Efflorescence is often mistaken for mold but the two are really very different things. They may look similar but that is where the similarities end. You need to know which one you have in your home so that you know the best way to deal with it. Different techniques are used to remove them from household materials.
Mold, as you probably know, is a type of fungus. It is commonly found in damp places and can cause significant damage to your home. It can also cause serious health problems. There are many different strains of mold and it comes in a rainbow of colors.
It's a chalky white powder sometimes found on porous materials like concrete and brick. It consists of salt deposits that remain on the surface of these materials when water – mostly groundwater but sometimes also rain water – evaporates.
Unlike mold, it's not harmful to the materials on which it's found and it won't make you sick. It is mostly a cosmetic issue, but it can also sometimes indicate excessive moisture, which can be problematic. Excessive moisture can lead to mold growth and can also damage building materials.
There are many differences between the two substances. According to the International Association of Certified Home Inspectors, some of the noticeable differences include:
Efflorescence is easier to remove than mold. While it is difficult or impossible to remove mold from porous materials, efflorescence is much easier to remove.
A pressure washer is sometimes used to remove it from the exterior of homes, but this isn't always effective. It may appear to take care of the problem temporarily but once the damp surface dries, the salt deposits may appear again.
A diluted acid, such as muriatic acid, can be used, though the surface should be dampened with water first to prevent discoloration due to the acid. The International Association of Certified Home Inspectors recommends applying baking soda after the acid to neutralize the acid and prevent it from damaging the masonry.
Often, efflorescence can simply be scrubbed off a surface with a stiff brush. Water is not always needed to remove it.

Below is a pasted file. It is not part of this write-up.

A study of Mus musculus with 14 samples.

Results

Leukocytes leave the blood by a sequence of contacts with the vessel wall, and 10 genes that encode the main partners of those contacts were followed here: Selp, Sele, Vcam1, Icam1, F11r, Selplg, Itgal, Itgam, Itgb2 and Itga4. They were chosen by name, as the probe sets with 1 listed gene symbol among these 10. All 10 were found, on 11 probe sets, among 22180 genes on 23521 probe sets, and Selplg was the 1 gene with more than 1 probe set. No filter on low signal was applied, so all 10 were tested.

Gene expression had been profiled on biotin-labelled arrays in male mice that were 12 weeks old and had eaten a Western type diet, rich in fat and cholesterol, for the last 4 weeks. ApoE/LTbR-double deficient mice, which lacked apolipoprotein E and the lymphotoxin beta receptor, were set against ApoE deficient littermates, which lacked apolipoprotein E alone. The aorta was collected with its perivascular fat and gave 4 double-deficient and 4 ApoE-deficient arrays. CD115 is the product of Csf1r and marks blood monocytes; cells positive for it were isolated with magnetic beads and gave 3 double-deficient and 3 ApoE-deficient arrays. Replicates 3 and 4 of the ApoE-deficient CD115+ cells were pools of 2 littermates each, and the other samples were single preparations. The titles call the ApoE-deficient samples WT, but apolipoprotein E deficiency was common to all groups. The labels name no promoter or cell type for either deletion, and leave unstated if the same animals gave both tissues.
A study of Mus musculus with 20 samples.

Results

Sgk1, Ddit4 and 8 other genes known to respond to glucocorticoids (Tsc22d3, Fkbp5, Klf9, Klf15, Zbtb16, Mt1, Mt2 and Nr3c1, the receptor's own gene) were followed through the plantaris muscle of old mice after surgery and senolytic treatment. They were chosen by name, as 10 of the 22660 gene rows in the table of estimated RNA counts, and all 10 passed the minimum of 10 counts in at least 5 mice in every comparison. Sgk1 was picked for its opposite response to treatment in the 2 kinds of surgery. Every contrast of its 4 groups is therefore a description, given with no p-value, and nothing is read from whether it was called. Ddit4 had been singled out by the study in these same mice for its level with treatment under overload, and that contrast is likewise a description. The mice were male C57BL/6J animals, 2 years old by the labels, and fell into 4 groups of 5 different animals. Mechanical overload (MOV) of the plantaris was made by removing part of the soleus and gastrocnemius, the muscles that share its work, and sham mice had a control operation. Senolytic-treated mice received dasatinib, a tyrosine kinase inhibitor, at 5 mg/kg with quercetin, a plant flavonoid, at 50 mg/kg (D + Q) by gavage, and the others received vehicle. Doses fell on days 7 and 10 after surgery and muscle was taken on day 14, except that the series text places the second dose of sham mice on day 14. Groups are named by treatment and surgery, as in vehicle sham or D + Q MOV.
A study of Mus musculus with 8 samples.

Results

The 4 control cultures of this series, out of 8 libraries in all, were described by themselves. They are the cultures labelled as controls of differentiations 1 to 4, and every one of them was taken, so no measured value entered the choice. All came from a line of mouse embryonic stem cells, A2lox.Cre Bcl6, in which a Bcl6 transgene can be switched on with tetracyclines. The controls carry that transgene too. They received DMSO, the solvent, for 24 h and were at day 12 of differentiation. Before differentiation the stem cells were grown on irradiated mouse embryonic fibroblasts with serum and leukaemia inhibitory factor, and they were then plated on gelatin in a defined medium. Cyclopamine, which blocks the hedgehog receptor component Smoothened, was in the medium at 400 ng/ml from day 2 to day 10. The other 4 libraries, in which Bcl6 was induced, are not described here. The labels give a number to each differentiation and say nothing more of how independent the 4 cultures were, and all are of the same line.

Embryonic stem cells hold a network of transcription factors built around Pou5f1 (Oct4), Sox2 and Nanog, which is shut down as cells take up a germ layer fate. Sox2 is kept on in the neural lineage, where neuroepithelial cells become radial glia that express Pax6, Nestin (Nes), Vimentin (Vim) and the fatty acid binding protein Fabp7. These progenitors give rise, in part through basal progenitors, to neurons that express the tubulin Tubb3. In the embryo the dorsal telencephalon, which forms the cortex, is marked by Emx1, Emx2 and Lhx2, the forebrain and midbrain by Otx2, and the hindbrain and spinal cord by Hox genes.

If you have questions about the best way to remove efflorescence from a surface in your home, we suggest contacting the manufacturer of your home or consulting a professional. That way you can make sure you don't inadvertently damage the masonry or other materials in your home.
Note that the methods described here won't remove mold. Mold is more challenging to deal with and, because it can cause serious damage to your home and make you sick, it's important to remove mold quickly and completely. Therefore it's important to make sure you know whether you're dealing with efflorescence or mold.
If you're not certain whether you're dealing with mold or efflorescence, we suggest scheduling a free home inspection and consultation with a mold removal professional. You could have a professional come in and test the substance in question for mold instead, but that's probably not necessary and you can save yourself the expense. An experienced mold removal professional should be able to distinguish between mold and efflorescence and the inspection is free.
If it turns out the substance in your home is mold, the professional can advise you about the mold removal process. You'll also receive a written estimate for the cost of the job and the professional can help you determine whether or not your homeowner's insurance will cover the cost. The consultation is free, though, and there is no obligation on your part. Follow this link to find experienced mold removal professionals offering free consultations and home inspections in your area.